Four-color crime-fighting faithfully adapted to the screen
Set against a city that's basically a Chester Gould drawing come to life, Tracy (Beatty) is dealing with two main problems. His city is being overwhelmed by organized crime, led by Big Boy (Al Pacino) and his gang of misshapen gangsters, and thanks to rampant corruption, he seems to be the only man on the force capable of slowing them down. Meanwhile, on the homefront, things with his best gal Tess Trueheart (the delightful Glenne Headly) are on the rough side, as his never-ending war on crime is fought at the expense of their relationship. It only gets worse when she ends up watching over a smart-mouthed orphan Tracy meets on the beat. In a movie full of punches and gunfire, not much hits harder than hard-boiled Tess' sharply-delivered lines.
The story focuses on Tracy's attempts to take down Big Boy, and Big Boy's attempts to rid himself of Tracy's meddling, as well as the arrival of a shadowy figure working at cross purposes, but the presence of pop superstar Madonna may be as memorable as anything in the film. As Breathless Mahoney, the club singer who finds herself under the unwanted command of Big Boy, she's certainly not the finest actress, and despite giving voice to the Oscar-winning Stephen Sondheim song "Sooner or Later," she's not the best singer, however she's darn right for the part, delivering lines like "You don't know if you want to hit me or kiss me. I get a lot of that" with just the correct mix of moxie and self-pity. In another movie, she might be considered laughable, but in the world of Dick Tracy, she's just about perfect.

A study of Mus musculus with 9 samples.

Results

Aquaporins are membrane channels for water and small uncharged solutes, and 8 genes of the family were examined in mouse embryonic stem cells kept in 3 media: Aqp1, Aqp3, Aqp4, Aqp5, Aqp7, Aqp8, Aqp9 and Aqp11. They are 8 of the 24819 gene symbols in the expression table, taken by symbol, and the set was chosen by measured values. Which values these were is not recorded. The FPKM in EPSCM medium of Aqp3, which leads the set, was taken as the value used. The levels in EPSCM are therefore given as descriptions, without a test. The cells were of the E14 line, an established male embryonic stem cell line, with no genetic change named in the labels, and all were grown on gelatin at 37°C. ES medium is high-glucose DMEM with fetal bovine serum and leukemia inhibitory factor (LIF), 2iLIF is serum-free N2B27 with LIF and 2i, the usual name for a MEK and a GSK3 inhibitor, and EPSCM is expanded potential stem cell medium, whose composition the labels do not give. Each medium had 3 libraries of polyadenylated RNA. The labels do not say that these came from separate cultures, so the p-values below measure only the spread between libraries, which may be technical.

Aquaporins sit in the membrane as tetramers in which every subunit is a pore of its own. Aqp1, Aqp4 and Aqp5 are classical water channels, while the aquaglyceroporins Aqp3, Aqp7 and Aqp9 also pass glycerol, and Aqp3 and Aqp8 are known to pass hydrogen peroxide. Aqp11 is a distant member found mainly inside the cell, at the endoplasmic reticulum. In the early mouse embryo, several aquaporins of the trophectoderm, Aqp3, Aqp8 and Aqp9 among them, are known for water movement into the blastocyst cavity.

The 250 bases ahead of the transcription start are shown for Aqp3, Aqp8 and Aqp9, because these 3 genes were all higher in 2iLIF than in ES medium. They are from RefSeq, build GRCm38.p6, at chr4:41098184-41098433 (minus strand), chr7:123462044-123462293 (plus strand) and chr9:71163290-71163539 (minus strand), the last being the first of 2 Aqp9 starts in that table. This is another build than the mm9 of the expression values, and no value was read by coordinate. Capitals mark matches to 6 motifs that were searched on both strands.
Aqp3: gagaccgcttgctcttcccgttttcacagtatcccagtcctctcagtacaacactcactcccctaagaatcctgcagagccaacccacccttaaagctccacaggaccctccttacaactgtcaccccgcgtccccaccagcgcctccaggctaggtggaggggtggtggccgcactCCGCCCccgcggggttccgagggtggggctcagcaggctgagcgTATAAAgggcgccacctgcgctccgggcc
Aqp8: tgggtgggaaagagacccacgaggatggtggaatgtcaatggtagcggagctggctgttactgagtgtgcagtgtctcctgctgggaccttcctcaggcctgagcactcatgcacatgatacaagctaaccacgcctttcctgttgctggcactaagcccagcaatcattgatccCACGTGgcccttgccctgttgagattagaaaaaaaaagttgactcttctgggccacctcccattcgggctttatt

So much of what makes Dick Tracy so entertaining is the over-the-top spectacle of it all, from the uniquely-designed sets, illustrated to look like the comic strip, to the old-school dialogue to the all-star cast, which, in addition to Beatty and Pacino, includes Paul Sorvino, Dustin Hoffman, Mandy Patinkin, Kathy Bates, Dick Van Dyke, Catherine O'Hara and James Caan, though most of them are plying their trade behind a lot of freaky make-up. No one is as enjoyable as Pacino though, who gets the best lines as the main baddie, including what's essentially a monologue to Headly toward the end of the film that's probably among the best things Pacino's ever done. If you've never been a fan of Pacino's hammy overacting, he finally puts it to good use here, in a feature-length game of "Can You Top This?".
Though the movie is better remembered for its visuals, Dick Tracy gives your receiver plenty to work with, as the DTS-HD Master Audio 5.1 track brings gun battles, explosions and a great deal of music to the table, while the dialogue is clean and crisp (unless Mumbles is on-screen.) In addition to driving home the score and Sondheim's songs, the surrounds have some fun placement and movement in them, and the bass is strong throughout.
Aside from that, there's a digital copy available on the DVD.